Up to date

This is just a short post letting you know that I have updated the Stacks project by working through all your comments once more. The last time I did this was on May 19 of this year. I try to respond to mathematical errors very quickly, but sometimes I do not realize a comment is pointing out an error until I really sit down and look carefully at the comment. If you’ve left a comment pointing out a mathematical error, feel free to also email. I remind you that it is very helpful to me if you suggest a fix or if you have a counter example to the statement you are objecting to or more generally if you discuss what you think went wrong.


Question about links in proofs

Yesterday I got an email asking about links between tags in proofs. Here is the question:


On the page 00KD in the proof of Lemma 00KK the reader will find the strings “If (00KN)” or “Assume (00KP)”, provided you view the page in “tags” mode. However, these strings are not found in the pdf. You have to click on them to see what they mean, and it turns out to be the items (1), (2), … of Lemma 00KK. How does this work?

Related but different question: on the page 00KA shouldn’t there be a hyperlink to the definition of χM?


The explanation is that in Lemma 00KK there is an itemized list in the underlying latex file. Then I decided to give latex labels to the items so I could refer to them in the proof. If you have a pdf reader which can deal with (internal) links, then you can click on the occurences of (1), (2), … in the proof of 00KK and you’ll be thrown to the corresponding statements in the proof of 00KK.

There are several other places in the Stacks project where the items of an itemized list have latex labels. But most of the time we don’t do this. (It turns out to work to be best for the structure of the Stacks project if each lemma has a single conclusion.) I would appreciate feedback on whether readers think it works well in the cases where we do do this.

I hope that this addresses the first question somewhat.

Second question. Ideally, mathematicians who help out with the Stacks project should only have to worry about helping make the pdfs readable and mathematically correct, etc. The underlying website code will hopefully display the mathematics in such a way that the experience is similar (or better than) reading the pdf. So if you want a “link” back to the definition of χM in Definition 00KA, then try to change or suggest a change in the latex so that it looks good in the pdf.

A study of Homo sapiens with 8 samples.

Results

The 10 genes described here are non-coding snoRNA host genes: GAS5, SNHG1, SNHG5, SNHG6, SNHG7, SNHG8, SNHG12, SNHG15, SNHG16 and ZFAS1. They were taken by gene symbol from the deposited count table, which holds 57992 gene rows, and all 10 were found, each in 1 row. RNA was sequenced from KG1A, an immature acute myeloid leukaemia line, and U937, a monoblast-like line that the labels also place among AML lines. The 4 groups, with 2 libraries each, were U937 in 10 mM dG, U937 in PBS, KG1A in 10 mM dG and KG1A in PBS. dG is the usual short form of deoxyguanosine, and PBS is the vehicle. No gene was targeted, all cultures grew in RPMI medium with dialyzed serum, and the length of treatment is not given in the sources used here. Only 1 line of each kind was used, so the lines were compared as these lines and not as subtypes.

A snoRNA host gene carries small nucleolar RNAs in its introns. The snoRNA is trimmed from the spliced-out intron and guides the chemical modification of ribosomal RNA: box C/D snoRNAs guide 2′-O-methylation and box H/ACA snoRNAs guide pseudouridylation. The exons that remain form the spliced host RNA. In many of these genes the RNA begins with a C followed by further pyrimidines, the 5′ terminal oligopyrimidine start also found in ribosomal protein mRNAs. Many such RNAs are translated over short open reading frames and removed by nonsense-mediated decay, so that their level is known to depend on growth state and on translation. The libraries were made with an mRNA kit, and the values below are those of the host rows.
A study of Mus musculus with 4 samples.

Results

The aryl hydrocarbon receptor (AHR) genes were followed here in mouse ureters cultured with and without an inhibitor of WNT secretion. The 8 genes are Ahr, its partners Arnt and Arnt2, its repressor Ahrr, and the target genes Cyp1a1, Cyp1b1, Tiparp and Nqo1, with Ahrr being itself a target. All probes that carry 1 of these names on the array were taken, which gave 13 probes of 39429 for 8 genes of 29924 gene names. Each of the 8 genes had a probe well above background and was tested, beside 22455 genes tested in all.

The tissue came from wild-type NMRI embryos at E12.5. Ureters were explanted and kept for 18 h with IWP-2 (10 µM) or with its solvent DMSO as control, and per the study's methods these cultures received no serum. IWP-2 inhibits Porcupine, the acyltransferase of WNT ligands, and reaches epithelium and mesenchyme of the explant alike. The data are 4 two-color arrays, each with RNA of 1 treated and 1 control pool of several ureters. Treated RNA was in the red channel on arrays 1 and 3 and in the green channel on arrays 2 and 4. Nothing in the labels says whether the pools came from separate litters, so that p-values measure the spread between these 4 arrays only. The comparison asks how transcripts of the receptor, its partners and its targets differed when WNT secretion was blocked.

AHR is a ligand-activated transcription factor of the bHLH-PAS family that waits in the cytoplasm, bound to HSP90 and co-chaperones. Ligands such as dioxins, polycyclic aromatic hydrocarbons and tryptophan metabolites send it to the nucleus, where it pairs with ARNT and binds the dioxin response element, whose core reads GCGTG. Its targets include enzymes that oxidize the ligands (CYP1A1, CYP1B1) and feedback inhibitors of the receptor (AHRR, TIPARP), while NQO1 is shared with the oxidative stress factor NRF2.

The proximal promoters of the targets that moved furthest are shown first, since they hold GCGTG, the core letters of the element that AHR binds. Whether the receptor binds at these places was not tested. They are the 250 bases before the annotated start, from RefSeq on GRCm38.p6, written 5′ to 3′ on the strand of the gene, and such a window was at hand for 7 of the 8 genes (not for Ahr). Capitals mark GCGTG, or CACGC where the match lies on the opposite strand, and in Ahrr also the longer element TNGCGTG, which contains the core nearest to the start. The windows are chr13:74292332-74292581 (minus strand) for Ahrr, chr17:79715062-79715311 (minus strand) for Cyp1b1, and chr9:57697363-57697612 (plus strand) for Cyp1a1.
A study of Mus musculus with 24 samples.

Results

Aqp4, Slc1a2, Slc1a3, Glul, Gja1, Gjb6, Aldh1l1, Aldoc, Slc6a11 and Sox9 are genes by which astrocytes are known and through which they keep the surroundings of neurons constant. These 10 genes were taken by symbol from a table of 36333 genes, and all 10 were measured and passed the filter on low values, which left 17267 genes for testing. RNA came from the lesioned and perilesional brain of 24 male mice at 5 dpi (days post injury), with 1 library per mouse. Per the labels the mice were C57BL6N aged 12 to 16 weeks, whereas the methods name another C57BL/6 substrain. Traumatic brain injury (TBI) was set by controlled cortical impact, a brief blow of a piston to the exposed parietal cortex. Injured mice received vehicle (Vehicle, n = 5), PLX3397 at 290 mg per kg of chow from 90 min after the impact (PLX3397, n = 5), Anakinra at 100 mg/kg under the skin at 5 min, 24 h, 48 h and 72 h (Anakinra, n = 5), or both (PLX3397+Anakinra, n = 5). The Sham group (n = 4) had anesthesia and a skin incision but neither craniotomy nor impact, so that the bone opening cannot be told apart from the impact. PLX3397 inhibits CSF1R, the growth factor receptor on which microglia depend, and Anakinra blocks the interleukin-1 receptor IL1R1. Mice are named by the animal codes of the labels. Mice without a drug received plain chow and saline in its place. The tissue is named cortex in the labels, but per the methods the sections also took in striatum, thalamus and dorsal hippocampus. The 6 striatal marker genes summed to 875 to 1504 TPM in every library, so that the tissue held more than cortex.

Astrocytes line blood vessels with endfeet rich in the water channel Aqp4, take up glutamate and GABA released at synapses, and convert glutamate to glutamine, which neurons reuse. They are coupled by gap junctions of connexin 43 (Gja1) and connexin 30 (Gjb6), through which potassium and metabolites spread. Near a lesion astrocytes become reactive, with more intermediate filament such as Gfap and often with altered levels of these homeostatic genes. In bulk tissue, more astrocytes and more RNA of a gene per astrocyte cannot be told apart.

Specifically in Definition 00KA we could change the latex code to read

$\chi_M$ as defined in Definition \ref{definition-chi}.

except that then we would also need to insert, earlier, a definition environment where we define χM and φM. Perhaps this isn’t a bad idea.

Technically speaking (please ignore this): I do not want to add another layer to the underlying latex files. However, in the future we could have a “hover” functionality where hovering would show you the definitions of defined terms… I would want this to be implemented in such a way that no changes need to be made inside the latex files, but perhaps a separate file would be added (similar to the tags file being maintained outside the latex).


Kerodon is a site modeled after the Stacks project maintained by Jacob Lurie.

1. It uses the tags system for stable references as originally devised for the Stacks project by Cathy O’Neil.

This means that if you reference a tag in the Stacks project or Kerodon, you should make sure to specify which of these two you are referring to (if you use the “cite” links in either project and copy-paste from there this will work fine). All of the references I’ve seen to the Stacks project already do this, so I am not worried.

2. It is running the Gerby website infrastructure with some additional work by Opus Design for a distinct look.

Some of the work done for this by Pieter Belmans will also benefit the Stacks project (this will probably be mostly invisible to the user though).

3. It has a comment system, so please go over there and leave mathematical comments!

4. The mathematics in Kerodon is written and copyrighted by Jacob Lurie.

This is a difference in philosophy: (a) the contributors to the Stacks project collaboratively own the Stacks project and (b) you can directly access the underlying latex files to make changes to submit to the maintainer (me).

5. Currently the pdf version of Kerodon has 85 pages.

The plan is to add more over time. As you can see, the current material covers a tiny fraction of Jacob’s book entitled “Higher Topos Theory”. If you want to know more about what is planned in Kerodon, you’ll have to ask him. But for now, I am kind of taking this opportunity to read Kerodon the way you would read a webcomic. As new material gets added I will head over there and read it. I hope you will enjoy it as well.